The aim of the Deregulation Act 2015 is to reduce the legislative and regulatory burdens affecting businesses, organisations and individuals, as well as repealing legislation that no longer has practical use. The Act covers a wide range of topics; here is a roundup of the sections that relate to health and safety:
Section 1 Health and safety at work: general duty of self-employed persons
This controversial section has been subject to much debate and was amended at the eleventh hour (see ‘Government’s u-turn on Deregulation Bill will inevitably cause confusion for self-employed’ in March’s Health and Safety Newsletter).
Amends Section 3 of the Health and Safety at Work etc. Act 1974, which places a general duty on employers and the self-employed to conduct their business in a way that ensures, as far as is reasonably practicable, that they and persons (other than their employees) are not exposed to risks to their health or safety.
The amendment limits the scope of this general duty on self-employed persons, by applying the duty to those self-employed persons carrying out certain activities on a prescribed list, rather than all those who are self-employed. This has the effect of exempting self-employed persons who are not covered by the prescribed list, from this duty.
This has been a cause of great contention in Parliament and subject to a last-minute amendment by Government Whip Lord Wallace of Saltaire, the Secretary of State will have the power to make Regulations under clause 1 of the Act to bring other self-employed persons within the scope of the general duty. Any Regulations made must specify that all self-employed people, whose work poses a risk to others would retain their duties under the Health and Safety at Work Act. Any Regulations must also be approved by both houses of Parliament.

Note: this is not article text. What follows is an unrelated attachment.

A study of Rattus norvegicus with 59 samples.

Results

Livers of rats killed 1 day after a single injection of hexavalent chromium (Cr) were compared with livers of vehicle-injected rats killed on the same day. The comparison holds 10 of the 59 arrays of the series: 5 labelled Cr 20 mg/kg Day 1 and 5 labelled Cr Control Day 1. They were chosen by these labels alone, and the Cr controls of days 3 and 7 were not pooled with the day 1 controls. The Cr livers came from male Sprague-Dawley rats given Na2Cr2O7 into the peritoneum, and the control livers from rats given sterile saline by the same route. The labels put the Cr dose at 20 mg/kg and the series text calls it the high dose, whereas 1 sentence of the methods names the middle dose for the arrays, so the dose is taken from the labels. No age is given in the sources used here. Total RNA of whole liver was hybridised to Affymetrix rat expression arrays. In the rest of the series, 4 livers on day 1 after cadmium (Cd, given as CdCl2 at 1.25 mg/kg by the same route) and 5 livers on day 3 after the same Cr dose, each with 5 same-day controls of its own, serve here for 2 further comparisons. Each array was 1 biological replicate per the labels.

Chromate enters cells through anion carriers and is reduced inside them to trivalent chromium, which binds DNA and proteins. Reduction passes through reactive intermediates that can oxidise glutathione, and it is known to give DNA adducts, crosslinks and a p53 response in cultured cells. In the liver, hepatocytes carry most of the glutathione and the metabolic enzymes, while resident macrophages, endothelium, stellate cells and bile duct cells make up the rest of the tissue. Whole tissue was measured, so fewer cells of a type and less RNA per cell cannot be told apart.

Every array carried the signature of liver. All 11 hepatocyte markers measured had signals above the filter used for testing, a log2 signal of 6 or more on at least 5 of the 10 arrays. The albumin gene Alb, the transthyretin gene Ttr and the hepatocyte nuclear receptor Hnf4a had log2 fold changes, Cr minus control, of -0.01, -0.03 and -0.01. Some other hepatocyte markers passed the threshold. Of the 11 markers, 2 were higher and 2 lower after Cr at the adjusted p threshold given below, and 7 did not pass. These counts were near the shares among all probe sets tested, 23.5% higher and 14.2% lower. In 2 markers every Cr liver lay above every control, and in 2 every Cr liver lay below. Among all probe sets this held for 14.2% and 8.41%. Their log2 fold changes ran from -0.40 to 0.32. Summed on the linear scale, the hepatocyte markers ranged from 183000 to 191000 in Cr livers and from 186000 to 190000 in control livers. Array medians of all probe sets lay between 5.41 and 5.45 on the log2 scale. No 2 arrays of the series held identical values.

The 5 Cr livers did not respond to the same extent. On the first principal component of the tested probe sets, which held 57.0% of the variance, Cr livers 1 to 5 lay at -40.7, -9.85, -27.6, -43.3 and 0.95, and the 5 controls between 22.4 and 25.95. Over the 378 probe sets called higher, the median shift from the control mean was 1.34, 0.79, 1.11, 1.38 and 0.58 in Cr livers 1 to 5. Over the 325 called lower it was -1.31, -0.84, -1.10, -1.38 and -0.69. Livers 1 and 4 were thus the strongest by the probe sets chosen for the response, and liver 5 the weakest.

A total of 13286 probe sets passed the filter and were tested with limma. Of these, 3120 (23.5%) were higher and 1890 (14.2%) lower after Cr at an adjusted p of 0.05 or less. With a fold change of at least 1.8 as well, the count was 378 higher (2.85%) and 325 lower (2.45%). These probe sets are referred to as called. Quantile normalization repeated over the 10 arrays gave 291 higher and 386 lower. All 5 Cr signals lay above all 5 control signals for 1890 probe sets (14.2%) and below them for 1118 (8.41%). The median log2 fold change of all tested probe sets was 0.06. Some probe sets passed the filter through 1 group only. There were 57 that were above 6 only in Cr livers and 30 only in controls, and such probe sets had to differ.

Section 6 and 7 Requirements to wear safety helmets: exemption for Sikhs
The exemption for turban wearing Sikhs from wearing a safety helmet is extended from construction sites to all workplaces (except in urgent response to hazardous situations such as fire or riots, or if the individual is a member of Her Majesty’s Forces and taking part in a military operation). This therefore includes visitors to a workplace as well as workers.
Schedule 10 Regulation of the use of roads and railways
Amends Part 3 of the Road Traffic Act 1988 relating to the duration of a driving licence granted to drivers with relevant disabilities. It provides that the Secretary of State may determine the duration of the licence, which shall be a period
a) of a maximum of 10 years and a minimum of 1 year ending on or before the licence
holder’s 70th birthday, or
b) a maximum of 3 years and minimum of 1 year where there are less than three years before the licence holder’s 70th birthday or where the licence is granted on or after that birthday.
Places a requirement on the Secretary of State to designate premises, provide and maintain stations and equipment where goods vehicles can be examined.
Schedule 21 Poisons and explosives precursors
Abolishes the Poisons Board and amends the Poisons Act 1972 to establish a cohesive licensing regime relating to certain poisons and explosives precursors.
The Regulations establish a licensing regime concerning the availability, possession and use of regulated and reportable substances that could be misused for criminal purposes.
For further information also see the following pieces of law which sit alongside Schedule 21:
- the Deregulation Act 2015 (Poisons and Explosives Precursors) (Consequential Amendments, Revocations and Transitional Provisions) Order 2015 (SI 2015/968); and
- the Control of Poisons and Explosives Precursors Regulations 2015 (SI 2015/966).